Love a Genre Mashup Like Westworld? Try Cast a Deadly Spell
By Nick Nadel
The supernatural film noir takes place in a hardboiled, alternative Los Angeles where magic and monsters are as commonplace as traffic jams and palm trees.
From Cold War thriller meets romantic fantasy The Shape of Water to the cowboys and robots action of Westworld, genre mash-ups are all the rage in Hollywood. But the combination of supernatural horror and film noir was still a novel idea when Cast a Deadly Spell premiered on HBO back in 1991.
Directed by Martin Campbell (Casino Royale) and produced by Gale Anne Hurd (Aliens), Cast a Deadly Spell takes place in a hardboiled, alternative 1940s Los Angeles where magic and monsters are as commonplace as traffic jams and palm trees. Fred Ward (Tremors) plays private detective Harry Philip Lovecraft, a square-jawed gumshoe who refuses to take the easy way out by using magic on the mean streets of the City of Angels (and demons). His latest client, a wealthy gentleman with a willful daughter who hunts unicorns, hires Lovecraft to recover a missing book — the demonic Necronomicon.
Lovecraft’s investigation leads him to his devious ex-partner on the force (Carnivàle’s Clancy Brown, an actor who knows a thing or two about playing bad guys) and his former flame, a sultry lounge singer played by future Oscar-winner Julianne Moore. Along the way Lovecraft runs afoul of werewolves, gargoyles and other nasties that go bump in the night.
Joseph Dougherty’s script, which kicked around Hollywood for a decade before ending up on HBO, deftly blends film noir tropes (smoky rooms, tough-talking dames, a private dick who washes down his sorrows with booze to a jazzy score) with references to acclaimed horror author H.P. Lovecraft, the inspiration for Fred Ward’s character. (Moore’s crooner performs at a nightclub which shares its name with the creepy town in Lovecraft’s short story “The Dunwich Horror.”) The twisty plot echoes noir classics like The Big Sleep and Chinatown as Det. Lovecraft is drawn deeper into a conspiracy with potentially world-ending ramifications.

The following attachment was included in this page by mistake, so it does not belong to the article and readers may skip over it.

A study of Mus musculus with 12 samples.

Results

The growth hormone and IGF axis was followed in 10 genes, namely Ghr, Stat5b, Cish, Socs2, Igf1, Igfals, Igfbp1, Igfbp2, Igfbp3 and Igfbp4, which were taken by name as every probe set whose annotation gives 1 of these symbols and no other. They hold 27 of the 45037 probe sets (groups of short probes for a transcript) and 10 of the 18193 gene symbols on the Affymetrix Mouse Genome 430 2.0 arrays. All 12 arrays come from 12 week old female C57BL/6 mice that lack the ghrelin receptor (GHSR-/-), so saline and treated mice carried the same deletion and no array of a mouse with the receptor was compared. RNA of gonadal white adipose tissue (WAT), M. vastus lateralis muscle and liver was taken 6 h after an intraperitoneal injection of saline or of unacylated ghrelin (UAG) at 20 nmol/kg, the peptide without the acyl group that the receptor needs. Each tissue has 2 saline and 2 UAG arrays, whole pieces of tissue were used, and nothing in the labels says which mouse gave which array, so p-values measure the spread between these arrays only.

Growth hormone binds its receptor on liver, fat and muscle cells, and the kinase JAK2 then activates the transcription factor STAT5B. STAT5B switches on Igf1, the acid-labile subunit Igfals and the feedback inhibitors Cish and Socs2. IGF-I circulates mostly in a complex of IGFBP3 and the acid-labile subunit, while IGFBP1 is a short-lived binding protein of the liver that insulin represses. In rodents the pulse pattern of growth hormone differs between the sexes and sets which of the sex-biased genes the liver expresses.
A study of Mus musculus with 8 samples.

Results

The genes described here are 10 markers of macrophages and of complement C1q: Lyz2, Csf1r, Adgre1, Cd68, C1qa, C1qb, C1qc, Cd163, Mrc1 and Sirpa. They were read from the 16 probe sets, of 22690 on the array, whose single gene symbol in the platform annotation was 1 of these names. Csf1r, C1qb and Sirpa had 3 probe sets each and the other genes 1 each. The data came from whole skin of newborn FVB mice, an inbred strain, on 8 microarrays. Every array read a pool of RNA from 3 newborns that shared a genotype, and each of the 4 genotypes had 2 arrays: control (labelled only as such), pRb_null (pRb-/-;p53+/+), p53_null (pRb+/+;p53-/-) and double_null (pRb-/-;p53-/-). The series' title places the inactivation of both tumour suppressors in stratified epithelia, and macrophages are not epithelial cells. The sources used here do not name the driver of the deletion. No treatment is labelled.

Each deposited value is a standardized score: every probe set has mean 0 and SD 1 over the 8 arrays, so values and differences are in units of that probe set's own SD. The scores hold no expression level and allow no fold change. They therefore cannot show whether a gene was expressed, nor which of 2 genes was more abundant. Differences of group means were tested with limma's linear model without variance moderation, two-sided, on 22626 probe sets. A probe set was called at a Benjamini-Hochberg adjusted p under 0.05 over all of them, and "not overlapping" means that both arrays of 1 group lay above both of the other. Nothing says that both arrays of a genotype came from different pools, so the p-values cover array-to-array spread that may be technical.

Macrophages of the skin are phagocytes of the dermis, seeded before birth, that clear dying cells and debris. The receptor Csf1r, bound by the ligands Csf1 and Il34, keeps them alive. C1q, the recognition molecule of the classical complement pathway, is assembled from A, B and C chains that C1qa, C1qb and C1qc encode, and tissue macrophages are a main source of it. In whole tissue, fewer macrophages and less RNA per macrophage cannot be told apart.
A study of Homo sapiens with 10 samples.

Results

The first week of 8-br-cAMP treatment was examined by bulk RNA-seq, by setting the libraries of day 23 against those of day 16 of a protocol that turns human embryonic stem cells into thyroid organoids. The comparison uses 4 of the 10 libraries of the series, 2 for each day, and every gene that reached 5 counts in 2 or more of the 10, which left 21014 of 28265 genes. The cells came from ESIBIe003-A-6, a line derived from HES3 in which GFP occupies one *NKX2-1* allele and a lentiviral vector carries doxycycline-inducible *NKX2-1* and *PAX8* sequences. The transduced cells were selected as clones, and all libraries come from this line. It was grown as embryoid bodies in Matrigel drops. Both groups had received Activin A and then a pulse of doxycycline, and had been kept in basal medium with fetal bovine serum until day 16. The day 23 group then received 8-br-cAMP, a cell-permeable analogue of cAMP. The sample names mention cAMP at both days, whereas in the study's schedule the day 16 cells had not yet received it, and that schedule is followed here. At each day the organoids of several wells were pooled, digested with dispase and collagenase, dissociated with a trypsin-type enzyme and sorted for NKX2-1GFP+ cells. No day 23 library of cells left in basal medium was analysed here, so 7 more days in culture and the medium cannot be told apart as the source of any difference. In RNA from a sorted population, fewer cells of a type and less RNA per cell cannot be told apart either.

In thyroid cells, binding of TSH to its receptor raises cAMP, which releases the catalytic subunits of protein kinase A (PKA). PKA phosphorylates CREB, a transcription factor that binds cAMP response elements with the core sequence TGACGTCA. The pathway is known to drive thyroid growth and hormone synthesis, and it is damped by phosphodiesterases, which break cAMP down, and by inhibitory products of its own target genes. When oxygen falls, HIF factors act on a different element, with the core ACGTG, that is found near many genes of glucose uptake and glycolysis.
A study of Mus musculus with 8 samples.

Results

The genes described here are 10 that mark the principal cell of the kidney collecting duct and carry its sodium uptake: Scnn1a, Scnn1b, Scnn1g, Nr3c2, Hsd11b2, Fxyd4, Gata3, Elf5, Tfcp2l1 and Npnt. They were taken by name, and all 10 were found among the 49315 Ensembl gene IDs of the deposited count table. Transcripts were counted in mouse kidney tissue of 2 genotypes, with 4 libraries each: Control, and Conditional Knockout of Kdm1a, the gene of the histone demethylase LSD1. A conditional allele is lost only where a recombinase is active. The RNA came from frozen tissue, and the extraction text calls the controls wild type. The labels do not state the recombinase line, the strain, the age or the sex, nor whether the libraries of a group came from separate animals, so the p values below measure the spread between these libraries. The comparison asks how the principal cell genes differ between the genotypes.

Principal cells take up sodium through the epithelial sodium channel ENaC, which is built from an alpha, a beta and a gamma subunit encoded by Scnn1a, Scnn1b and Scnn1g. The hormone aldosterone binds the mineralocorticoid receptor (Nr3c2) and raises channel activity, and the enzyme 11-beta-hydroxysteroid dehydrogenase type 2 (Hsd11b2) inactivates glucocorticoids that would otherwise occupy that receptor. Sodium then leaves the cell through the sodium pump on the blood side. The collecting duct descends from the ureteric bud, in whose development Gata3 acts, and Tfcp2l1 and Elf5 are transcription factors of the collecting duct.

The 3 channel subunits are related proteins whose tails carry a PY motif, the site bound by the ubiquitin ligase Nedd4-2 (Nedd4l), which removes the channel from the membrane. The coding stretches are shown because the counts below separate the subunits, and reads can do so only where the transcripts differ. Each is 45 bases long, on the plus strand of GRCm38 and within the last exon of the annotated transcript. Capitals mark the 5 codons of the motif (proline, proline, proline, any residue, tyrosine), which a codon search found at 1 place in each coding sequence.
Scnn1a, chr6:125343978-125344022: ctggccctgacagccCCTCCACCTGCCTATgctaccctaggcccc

The cast, which includes Charles Hallahan (The Thing) as Detective Bradbury (a nod to horror/sci-fi scribe Ray Bradbury) and Arnetia Walker as Lovecraft’s landlord and “spiritual” guide Hypolite Kropotkin, perfectly nails the script’s pulpy tone. Clancy Brown brings menace to his role of a nightclub owner with a zombie bodyguard on his payroll, while Moore’s smoldering performance recalls classic film noir femme fatales like Lana Turner and Lauren Bacall. (Two years after appearing in Cast a Deadly Spell, the then up-and-coming actress would star in Robert Altman’s Short Cuts and be on her way to the A-list.)
Adding to the film’s Sam Raimi-by-way-of-Sam-Spade charms are its gruesome pre-CGI special effects. In one memorable scene, a hitman dispatches his prey with a nifty floating paper trick, while Ward’s grizzled P.I. faces off against puppet monstrosities that can best be described as The Muppets on acid.
Cast a Deadly Spell proved popular enough to warrant a follow-up, 1994’s Witch Hunt, with Dennis Hopper playing Det. Lovecraft in a 1950s LA where the “red scare” involves magic instead of Communism. (Adding to the weirdness, the sequel was helmed by Taxi Driver screenwriter Paul Schrader.) But while it developed a cult following on VHS and HBO, Cast a Deadly Spell never received a proper DVD release. For anyone who likes a little noir mixed in with their scares, this groundbreaking genre bender is a dark alley worth strolling down.